Changing Supply Chain Planning Dashboards
Think about how the automobile dashboard has changed in the last 20 years. It wasn’t that long ago that it displayed simple information—how fast the vehicle was going (speedometer), how rapidly the engine was turning (tachometer), how far the car had been driven (odometer), and a clock that told time. There were a few warning lights—oil or fuel low, engine hot. Today, car dashboards have navigation, Bluetooth music and phone connections, back-up cameras, and lots of sophisticated maintenance indicators.
The face of the supply chain planning dashboard is changing just as dramatically. In the past, supply chain decisions were mostly reactive, relying on static information and a limited understanding of supply chain conditions. Supply chain planners have always wanted more information and more analysis. Now they’re getting them—as analytic engines decode large amounts of near real-time demand data flowing continuously from the point of sale and channels, and from supply tiers like transport, warehousing, and manufacturing.
With the growth of data—and the complexity of decisions in extended supply chains—companies no longer rely exclusively on manual analysis in decision making. They require analytics–and supply chain planning dashboards need to provide the data they need at a glance.
Gartner defines supply chain analytics as “techniques and technologies that incorporate advanced modeling with data management to uncover existing relationships among variables to determine the probability of a future outcome that can drive a business decision.” (Optimizing Business Performance with Supply Chain Analytics, Noha Tohamy, January 2013).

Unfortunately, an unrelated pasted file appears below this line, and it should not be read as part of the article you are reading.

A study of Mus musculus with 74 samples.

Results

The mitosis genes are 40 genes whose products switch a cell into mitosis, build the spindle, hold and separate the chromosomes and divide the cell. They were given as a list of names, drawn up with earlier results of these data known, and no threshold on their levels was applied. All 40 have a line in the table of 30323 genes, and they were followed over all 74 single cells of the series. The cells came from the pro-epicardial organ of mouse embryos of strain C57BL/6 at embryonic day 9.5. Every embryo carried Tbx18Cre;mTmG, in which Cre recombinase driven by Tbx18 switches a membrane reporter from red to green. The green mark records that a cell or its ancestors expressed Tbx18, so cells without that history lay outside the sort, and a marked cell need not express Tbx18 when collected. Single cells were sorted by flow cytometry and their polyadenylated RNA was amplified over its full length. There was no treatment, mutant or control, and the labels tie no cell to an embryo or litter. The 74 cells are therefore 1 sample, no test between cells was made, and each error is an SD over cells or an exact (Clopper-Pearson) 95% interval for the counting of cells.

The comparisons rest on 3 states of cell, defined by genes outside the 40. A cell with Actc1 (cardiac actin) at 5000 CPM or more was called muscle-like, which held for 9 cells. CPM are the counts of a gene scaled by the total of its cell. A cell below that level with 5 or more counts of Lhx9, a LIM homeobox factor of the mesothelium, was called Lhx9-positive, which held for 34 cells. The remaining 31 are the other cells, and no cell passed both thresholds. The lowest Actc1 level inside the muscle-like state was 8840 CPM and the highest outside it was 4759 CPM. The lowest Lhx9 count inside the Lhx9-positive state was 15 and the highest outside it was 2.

Lora Cecere, in her report Big Data and Analytics (February 2015) describes four kinds of analytics most useful to supply chain planners: Descriptive, Predictive, Prescriptive, and Cognitive.
Descriptive analytics describes what happened. Largely reporting, it helps supply chain planners stay in touch with reality through a single source of the truth. It deploys techniques such as clustering, association, pattern-based analysis, visualization, classification, and reporting.
Predictive analytics extracts information from data to predict trends and behavior patterns. Its tools are simulation, what-if analysis, scenario management, and statistical and causal forecasting. The focus is on what will happen, so supply chain planners can better understand the most likely future scenario and its business implications.
Prescriptive analytics builds upon predictive analytics, suggesting the best course of action based on expected future scenarios. The emphasis is on what the supply chain planner should do based on the information. It’s a formula for collaboration to maximize business value, informed by advanced analytics. It relies on deterministic and stochastic optimization and rapid re-planning.
Cognitive analytics is built around cognitive learning—using a rules-based engine to learn and adapt. It is the next step toward intelligent response, deploying highly automated optimization solutions that get smarter over time.
Automobile dashboards have changed. So have supply chain planning dashboards, taking advantage of new forms of analytics. Are you still driving your supply chain with an old style dashboard? If so, there may be time to take advantage of the changing face of supply chain dashboards.